Kids with special needs defy disabilities at 4H Mission Possible Camp
Mission Possible Camp is a fun experience filled with life lessons.
Brownwood's Texas A&M AgriLife Extension Service 4-H held a three-day camp for kids with special needs, who got to partner with young mentors and experience normal summer camp activities like swimming and canvas painting.
"Yes they do have disabilities but they are people just like everyone else," one of the camp mentors, Mattie Lastovica, said. Lastovica has been a part of Mission Possible Camp for four years. "I know that every year I'll be faced with new challenges and learn so much more that it's worth it to come back. I love working with these kids and it's the highlight of my summer every year."
The camp co-creator Laurinda Boyd said the mission of the camp, or at least of the mentors, is to ensure that the campers have the most normal, positive camp experience they can have.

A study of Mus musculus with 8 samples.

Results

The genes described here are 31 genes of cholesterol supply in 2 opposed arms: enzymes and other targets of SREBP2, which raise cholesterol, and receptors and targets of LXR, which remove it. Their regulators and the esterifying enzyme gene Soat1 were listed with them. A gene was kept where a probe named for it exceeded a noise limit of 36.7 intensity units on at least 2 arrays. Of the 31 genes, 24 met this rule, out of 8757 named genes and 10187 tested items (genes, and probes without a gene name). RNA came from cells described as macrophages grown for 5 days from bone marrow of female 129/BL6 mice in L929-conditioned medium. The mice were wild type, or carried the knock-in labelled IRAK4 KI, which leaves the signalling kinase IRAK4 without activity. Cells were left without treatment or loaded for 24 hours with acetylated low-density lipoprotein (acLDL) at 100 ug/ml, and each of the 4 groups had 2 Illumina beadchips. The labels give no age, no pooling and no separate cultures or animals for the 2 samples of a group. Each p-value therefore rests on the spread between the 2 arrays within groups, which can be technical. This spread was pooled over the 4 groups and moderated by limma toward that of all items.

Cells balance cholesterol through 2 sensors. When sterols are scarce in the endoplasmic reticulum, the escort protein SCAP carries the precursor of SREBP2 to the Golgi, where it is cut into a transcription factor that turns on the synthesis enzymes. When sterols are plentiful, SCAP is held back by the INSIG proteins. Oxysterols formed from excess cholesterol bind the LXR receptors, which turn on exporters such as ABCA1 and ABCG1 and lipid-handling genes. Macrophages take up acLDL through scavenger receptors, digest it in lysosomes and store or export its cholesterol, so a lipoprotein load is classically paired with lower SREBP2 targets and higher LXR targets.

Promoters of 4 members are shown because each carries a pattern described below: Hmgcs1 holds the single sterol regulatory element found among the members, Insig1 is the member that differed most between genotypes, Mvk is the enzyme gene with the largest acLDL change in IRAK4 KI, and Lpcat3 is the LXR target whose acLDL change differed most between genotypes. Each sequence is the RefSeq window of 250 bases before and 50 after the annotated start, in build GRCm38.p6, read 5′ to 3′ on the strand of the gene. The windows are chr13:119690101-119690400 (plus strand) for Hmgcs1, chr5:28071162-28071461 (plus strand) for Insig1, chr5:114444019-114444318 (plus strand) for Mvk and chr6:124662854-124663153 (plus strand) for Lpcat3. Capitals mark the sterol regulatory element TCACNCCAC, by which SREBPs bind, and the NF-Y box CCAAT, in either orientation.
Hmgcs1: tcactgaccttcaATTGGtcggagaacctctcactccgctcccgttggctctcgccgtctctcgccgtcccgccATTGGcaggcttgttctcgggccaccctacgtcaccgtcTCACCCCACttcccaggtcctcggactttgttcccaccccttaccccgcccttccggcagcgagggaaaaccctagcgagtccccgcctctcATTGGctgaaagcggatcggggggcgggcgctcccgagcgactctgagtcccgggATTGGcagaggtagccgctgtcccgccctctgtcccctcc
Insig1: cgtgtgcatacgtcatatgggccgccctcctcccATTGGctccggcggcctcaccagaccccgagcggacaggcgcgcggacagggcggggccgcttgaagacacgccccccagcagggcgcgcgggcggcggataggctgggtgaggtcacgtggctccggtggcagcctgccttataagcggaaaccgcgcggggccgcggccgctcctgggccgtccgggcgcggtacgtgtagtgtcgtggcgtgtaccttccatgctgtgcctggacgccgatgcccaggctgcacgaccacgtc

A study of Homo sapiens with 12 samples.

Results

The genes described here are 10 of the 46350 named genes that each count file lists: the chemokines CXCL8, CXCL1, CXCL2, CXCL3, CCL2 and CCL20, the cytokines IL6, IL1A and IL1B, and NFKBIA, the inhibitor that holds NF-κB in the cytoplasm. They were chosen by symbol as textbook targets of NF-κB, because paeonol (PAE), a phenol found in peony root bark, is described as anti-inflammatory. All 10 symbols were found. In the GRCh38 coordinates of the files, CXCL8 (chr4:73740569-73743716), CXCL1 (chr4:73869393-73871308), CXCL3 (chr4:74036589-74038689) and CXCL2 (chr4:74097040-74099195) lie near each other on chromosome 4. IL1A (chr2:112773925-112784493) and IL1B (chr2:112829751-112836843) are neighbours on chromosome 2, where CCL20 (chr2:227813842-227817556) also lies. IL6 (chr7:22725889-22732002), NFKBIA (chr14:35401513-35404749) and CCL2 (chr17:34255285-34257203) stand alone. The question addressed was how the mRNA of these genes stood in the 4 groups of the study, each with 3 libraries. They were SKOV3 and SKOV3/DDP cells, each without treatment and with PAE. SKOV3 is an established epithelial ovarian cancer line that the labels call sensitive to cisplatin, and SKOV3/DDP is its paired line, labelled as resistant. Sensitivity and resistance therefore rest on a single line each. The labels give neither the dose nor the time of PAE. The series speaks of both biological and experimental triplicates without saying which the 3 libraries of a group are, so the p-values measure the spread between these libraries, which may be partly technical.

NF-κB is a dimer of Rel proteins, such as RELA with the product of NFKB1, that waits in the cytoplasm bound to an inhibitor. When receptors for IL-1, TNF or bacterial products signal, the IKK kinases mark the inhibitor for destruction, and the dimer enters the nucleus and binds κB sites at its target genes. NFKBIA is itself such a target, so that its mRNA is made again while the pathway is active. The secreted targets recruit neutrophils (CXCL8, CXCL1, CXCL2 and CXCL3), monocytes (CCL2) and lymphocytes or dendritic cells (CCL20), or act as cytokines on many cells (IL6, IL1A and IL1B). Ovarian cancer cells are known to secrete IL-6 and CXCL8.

Maria Hey is a mother and volunteer at the camp. Her daughter is a mentor while her son is a camper. She said she hopes those who attend Mission Possible Camp will share the experience and spread messages that will break stereotypes about kids with special needs. "It would take away the fear of the unknown," Hey said.
Many of the staff agree that seeing the reactions and interactions is one of the most rewarding things about Mission Possible Camp.
"They don't get an opportunity like this very often and to see how excited they get to have this experience is wonderful," another camp mentor, Sarah Muehlstein said. "I thought it would be me making an impact on them, just that, but it's definitely the other way around in my opinion. They do so much more for me than I could do for them."
"The biggest thing I've learned through this experience is that although these kids do have special needs and they do have challenges in life, they are some of the kindest, most compassionate kids you'll ever meet and they have the most positive outlook on life even though they are faced with many challenges each day," Lastovica said. "These kids are different, but they're not less than anyone else."
Boyd said she hopes the mentors take their life-changing experiences and pass it on.
The camp kicked off on Monday and wraps up Wednesday afternoon. This is the camp's eighth year. Kids do not have to be a 4-H member to be involved. You can call (325) 784-5482 or email firstname.lastname@example.org for more information, like how to register your kids for next year's camp.